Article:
The NHS is likely to remain on a “crisis footing” with rising waiting lists despite extra funding, it has been said.
The health service will receive an extra £3.3billion in each of the next two years, while £4.7billion will go into social care, Chancellor Jeremy Hunt announced in his autumn statement on Thursday.
However, the Health Foundation believes while the increase to the NHS budget will provide “temporary respite”, health and care services will face “difficult trade-offs” on issues such as pay and the backlog.
Its analysis found the increase to spending over the next two years amounts to two per cent each year in “real terms”.
The annual increase over the next two years is 1.2 per cent in real terms “which is below the average” seen in the decade preceding the pandemic (two per cent), as well as the historical average of around 3.8 per cent, the analysis indicated.
Anita Charlesworth, director of the Health Foundation, said: “Thursday’s statement offered short-term relief, especially compared with other public services.
“But the reality is that the NHS is going to be treading water at best, as inflation bites and it faces rising pressures from an ageing population, pay, addressing the backlog, and ongoing Covid costs.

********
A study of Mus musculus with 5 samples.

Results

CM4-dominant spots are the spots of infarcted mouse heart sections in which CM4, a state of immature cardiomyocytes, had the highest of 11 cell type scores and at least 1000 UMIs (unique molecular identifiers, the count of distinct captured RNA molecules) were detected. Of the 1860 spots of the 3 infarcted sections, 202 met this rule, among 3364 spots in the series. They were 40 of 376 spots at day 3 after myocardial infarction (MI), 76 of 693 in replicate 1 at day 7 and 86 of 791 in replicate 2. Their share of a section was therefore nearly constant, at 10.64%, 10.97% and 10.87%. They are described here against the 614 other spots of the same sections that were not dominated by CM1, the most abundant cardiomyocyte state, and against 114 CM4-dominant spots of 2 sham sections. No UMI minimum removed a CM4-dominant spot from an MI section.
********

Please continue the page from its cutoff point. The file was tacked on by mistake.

“And if other parts of the system – especially social care and community care – are also struggling with cost pressures, this makes it harder to deliver healthcare and the 2% will buy less.
“Efficiency can only take the NHS so far. As Health Foundation analysis this week showed, since 2010, if we had kept up with German health spending we’d have spent £73billion more each year, and £40billion more if we’d kept up with France.
“Without greater recognition that our health is our wealth — and vice versa – and a greater focus on its long-term financial sustainability, the NHS is likely to remain on a crisis footing, with difficult trade-offs like performance and rising waiting lists for the foreseeable future.”
The Health Foundation said services face “a cocktail” of higher inflation, higher demand, ongoing costs from Covid, staff shortages, and challenging efficiency requirements, with no room for improvement or modernisation.
It went on to say England’s growing and ageing population, NHS Long Term Plan commitments, long waiting list for elective care and workforce shortages and pay are driving up pressure on the health service.
Royal College of NursingEngland director Patricia Marquis said: “This analysis suggests that, like nursing pay, after a decade of low funding growth or – for pay – real-terms cuts, NHS budgets should be rising sharply now but aren’t.
“That the rise in healthcare funding in England has dropped from nearly seven per cent per year in the 2000s to just 1.2 per cent per year in the 2010s speaks volumes.
“We’ve called on the Government to be bold and take a radical new direction with serious investment in nursing, including fair pay, but this analysis only appears to confirm our worst fears that today’s ministers are stuck on yesterday’s ideas of giving yet more pay cuts.”
The Department of Health pointed to the Chancellor’s speech and added no further comment.